Friday, December 19, 2014

New gun law on target for Kansas

By DYLAN LYSEN, Herald Staff Writer | 4/30/2014

As lawmakers head back to Topeka Wednesday to resume the 2014 legislative session, a new law is on target to make firearms regulations uniform across Kansas.

While local officials were worried about the passing of Senate Bill 447, which would make local gun regulations moot, Gov. Sam Brownback signed House Bill 2578 into law last week with the same regulations contained in the Senate measure.

The House legislation negates many of the firearm rules counties and municipalities now enforce and aims to simplify firearm laws across the state, the bill’s proponents said. The law removes local authority from administering firearm buy-back programs and prohibits counties and municipalities from asking employees to disclose if they own a concealed carry license, both of which were included in SB 447.

The law passed with across-the-board support from Franklin County’s delegation to Topeka. State Rep. Blaine Finch, R-Ottawa, said he voted for the bill to establish uniformity across the state.

“While I support local control, the patchwork of regulations on this issue was confusing and made compliance with the law difficult at best,” Finch said. “This was one of the limited cases where a more consistent state law was better than the myriad local ones.”

State Sen. Caryn Tyson, R-Parker, voted to approve both SB 447 and HB 2758. She supported the legislation to simplify the rules and create a standard for the laws throughout the state when it was contained in SB 447, she said, much like the seat belt law the state adopted in recent years.

“It was just for consistency,” Tyson said.

The law absorbed language Bob Bezek, Ottawa city attorney, said he was worried could be unfairly used to the advantage of municipalities. Section three of SB 447 could give cities a free pass from liability related to dangerous activities by municipal employees, he said. The section reads, “No municipality shall be liable for any wrongful act or omission relating to the action of any person carrying a firearm, including employees of such municipality, concerning acts or omissions regarding such firearm.”

By adding section three in SB 447, which is now section four in HB 2578, the Legislature might be trying to protect municipalities from responsibility related to dangerous outcomes when their employees are allowed to conceal and carry firearms without notifying the employer, Bezek said.

“If I’m a clever city attorney, and I sort of think I am, and somebody makes a claim against my city, I’m going to say ‘Hey, we’re not liable,’” Bezek said. “I’m going to feel bad about that, because I’m defense oriented, but I don’t think any city should be given a free pass.”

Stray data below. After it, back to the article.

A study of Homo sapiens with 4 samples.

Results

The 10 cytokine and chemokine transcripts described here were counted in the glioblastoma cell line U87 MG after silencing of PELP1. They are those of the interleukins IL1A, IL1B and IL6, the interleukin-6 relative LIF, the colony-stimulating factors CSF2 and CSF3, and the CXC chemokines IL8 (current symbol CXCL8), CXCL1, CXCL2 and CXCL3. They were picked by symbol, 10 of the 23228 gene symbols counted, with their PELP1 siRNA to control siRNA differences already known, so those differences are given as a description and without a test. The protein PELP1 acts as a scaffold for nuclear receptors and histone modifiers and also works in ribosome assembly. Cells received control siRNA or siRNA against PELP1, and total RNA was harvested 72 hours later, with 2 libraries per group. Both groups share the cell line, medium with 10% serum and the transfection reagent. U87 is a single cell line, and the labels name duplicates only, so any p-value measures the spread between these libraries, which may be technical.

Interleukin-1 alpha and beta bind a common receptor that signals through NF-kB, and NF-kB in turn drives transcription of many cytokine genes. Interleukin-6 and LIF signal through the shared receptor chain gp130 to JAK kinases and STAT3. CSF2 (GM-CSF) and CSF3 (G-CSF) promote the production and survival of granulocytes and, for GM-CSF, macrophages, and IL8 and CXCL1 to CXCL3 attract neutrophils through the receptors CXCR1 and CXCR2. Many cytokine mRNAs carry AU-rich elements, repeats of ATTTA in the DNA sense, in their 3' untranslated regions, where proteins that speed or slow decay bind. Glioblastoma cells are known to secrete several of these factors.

Bezek explained a hypothetical situation of a police officer somehow giving a felon a gun, and the felon hurts someone. The public would say the officer should not have given out the gun, and would think the city should be responsible. Under the language of the bill, Bezek said, the city still wouldn’t be responsible.

“The city is not liable. Why?” Bezek said.

Finch said he has spoken with Bezek about his concerns and brought up the bill’s language, which will be addressed during the Legislature’s veto session.

“I am working with [Bezek] and other legislators to find language acceptable to all that still achieves the desired result of protecting taxpayers from the wrongful acts of municipal workers acting outside their employment,” Finch said.

Lisa Johnson, Franklin County administrator, said the county does not have a firearm buy-back program and noted the new legislation would not significantly affect the county.

“There’s a couple of small things,” Johnson said, mentioning the provision that prohibits counties and municipalities from asking if employees own concealed carry licenses. “It doesn’t substantively change the earlier impact for the county.

 “It will impact how we address some of the implications from personal management standpoint, but in terms of buildings and access and the earlier implications, it doesn’t really change anything there.”

The law’s initial measure requires the chief law enforcement officer of a jurisdiction to grant or deny the transfer of firearms certification within 15 days, unless a condition exists that prevents the chief law enforcement officer from certifying the transfer, according to the bill. The practice of the chief law enforcement officer granting or denying a firearm ownership transfer is required by federal law. If the chief officer denies the transfer, the officer must provide a written notification of denial to the applicant.

The law also prohibits people under the influence of drugs or alcohol from carrying a firearm, and makes testing for that violation consistent with testing for driving under the influence of drugs or alcohol. According to the Associated Press, an official with the Brady Center to Prevent Gun Violence is worried about the language of the under-the-influence measure because it exempts self-defense.